In the recent decision D’Ettorre v. Coachman Insurance Co., 2012 ONSC 3613, the Ontario Superior Court of Justice on judicial review concluded that an assignment of a plaintiff’s Statutory Accident Benefits as part of a settlement of a tort claim was impermissible at law.
Mr. D’Ettorree was injured in a motor vehicle accident on November 7, 2001 when a tractor trailor collided with his pick-up truck. Coachman Insurance Company (“Coachman”) insured Mr. D’Ettorree, and The Nordic Insurance Company of Canada (“The Nordic”) insured the tractor-trailor. Mr. D’Ettorree applied for and received income replacement benefits from Coachman until it ceased payment of the benefits in 2005. After mediation attempts failed, Mr. D’Ettorre applied for an arbitration for the reinstatement of his benefits. Mr. D’Ettorre also started a third party tort claim against The Nordic’s insureds.
On August 22, 2008, Mr. D’Ettorre settled his tort action with The Nordic. The release and minutes of settlement included an assignment to The Nordic for the entirety of the plaintiff’s unclaimed accident benefits against Coachman. Due to the presence of a minor plaintiff, The Nordic received a consent judgment by the court that approved and repeated the terms of the settlement and the assignment.
As a result of the assignment, The Nordic took Mr. D’Ettorre’s place at the arbitration. Coachman objected to the arrangement stating that the Statutory Accident Benefits Schedule (“SABS”) only allowed an assignment of accident benefits following a trial. This argument was based on section 65(1) of the SABS which makes the assignment of a statutory accident benefit void except where the assignment is under section 267.8 of the Insurance Act.
Section 267.8(12) of the Insurance Act states,
The court that heard and determined the action for loss or damage from bodily injury…may order that…subject to any conditions the court considers just…
(a) the plaintiff who recovered damages in the action assign to the defendants or the defendants’ insurers all rights in respect of all payments to which the plaintiff who recovered damages is entitled in respect of the incident after the trial of the action…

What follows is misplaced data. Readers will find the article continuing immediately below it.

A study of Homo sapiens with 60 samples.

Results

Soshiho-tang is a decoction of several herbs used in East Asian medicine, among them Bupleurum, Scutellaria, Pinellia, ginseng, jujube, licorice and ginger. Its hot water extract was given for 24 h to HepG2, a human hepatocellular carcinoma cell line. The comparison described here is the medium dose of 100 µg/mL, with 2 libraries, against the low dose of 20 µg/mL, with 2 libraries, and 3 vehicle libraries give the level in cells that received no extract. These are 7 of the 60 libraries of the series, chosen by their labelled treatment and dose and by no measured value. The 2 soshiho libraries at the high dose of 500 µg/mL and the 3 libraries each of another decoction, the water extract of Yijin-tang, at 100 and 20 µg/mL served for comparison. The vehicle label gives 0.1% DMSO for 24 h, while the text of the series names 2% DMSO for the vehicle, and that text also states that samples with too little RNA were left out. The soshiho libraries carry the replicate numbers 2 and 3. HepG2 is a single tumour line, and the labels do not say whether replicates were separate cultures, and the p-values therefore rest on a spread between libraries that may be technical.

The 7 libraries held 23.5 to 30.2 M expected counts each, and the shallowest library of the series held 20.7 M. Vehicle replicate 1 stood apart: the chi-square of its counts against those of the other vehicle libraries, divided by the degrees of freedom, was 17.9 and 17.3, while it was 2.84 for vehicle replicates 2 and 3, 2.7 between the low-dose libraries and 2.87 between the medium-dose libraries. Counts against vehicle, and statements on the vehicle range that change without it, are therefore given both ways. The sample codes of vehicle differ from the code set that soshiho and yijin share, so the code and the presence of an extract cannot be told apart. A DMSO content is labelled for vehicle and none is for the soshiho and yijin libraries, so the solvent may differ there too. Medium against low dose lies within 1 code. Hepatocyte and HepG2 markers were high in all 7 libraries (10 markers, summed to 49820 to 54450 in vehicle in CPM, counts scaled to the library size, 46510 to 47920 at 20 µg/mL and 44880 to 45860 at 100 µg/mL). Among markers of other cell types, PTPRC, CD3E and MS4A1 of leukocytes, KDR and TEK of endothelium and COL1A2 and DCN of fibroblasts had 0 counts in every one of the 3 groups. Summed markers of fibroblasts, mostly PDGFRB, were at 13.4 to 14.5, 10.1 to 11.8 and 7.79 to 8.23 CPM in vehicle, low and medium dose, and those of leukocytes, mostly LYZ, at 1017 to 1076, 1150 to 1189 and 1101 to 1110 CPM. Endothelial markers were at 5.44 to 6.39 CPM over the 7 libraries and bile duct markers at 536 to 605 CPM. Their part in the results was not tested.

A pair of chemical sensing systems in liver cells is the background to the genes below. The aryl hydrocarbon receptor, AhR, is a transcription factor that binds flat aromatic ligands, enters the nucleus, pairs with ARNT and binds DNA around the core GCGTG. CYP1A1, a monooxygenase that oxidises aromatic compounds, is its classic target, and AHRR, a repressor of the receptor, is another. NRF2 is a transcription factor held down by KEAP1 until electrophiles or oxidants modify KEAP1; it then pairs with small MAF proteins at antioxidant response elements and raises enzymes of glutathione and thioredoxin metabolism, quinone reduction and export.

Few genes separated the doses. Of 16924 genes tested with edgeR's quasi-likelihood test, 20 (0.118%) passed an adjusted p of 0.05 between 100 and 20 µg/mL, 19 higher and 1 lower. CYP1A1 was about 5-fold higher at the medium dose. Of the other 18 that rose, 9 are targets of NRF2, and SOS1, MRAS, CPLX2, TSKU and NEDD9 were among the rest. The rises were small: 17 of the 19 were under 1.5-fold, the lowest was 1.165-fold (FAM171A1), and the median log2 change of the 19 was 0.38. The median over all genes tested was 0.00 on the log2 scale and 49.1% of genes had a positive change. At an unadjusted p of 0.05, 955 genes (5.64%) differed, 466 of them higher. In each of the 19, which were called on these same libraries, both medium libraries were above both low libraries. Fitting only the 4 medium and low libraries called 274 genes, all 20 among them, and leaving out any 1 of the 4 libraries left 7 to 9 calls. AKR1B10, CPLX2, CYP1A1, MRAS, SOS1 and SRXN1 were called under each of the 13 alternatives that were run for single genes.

The arbitrator determined that the assignment in the consent order was valid. Coachman appealed the arbitrator’s decision arguing that the assignment was not valid because there had not been a “hearing or determination” by way of a trial. The Delegate of the Financial Services Commission’s director overruled the arbitrator’s decision as there was no case law to support a finding that a consent motion is synonymous with a trial. Mr. D’Ettorre and The Nordic sought judicial review of the Delegate’s decision to the Superior Court of Justice.
A panel of three justices unanimously agreed with the Delegate’s decision. The Court concluded that the SABS required a judicial determination and that the approval of a consent judgment was not a judicial determination. In order for an assignment to be valid, if there has not been a trial, a defendant’s tort insurer must seek the court’s guidance through an assessment of damages which may alter the proposed settlement, possibly at the detriment of the defendant’s insurer.
Tort insurers now have to recognize that when settling a tort claim, the plaintiff’s right to future accident benefits cannot be assigned to the tort insurer. Only after an assessment of damages, or a trial can such an assignment be made. The better strategy may be to negotiate a deal whereby the plaintiff is allowed to “keep” her accident benefits, in exchange for concessions on future damages.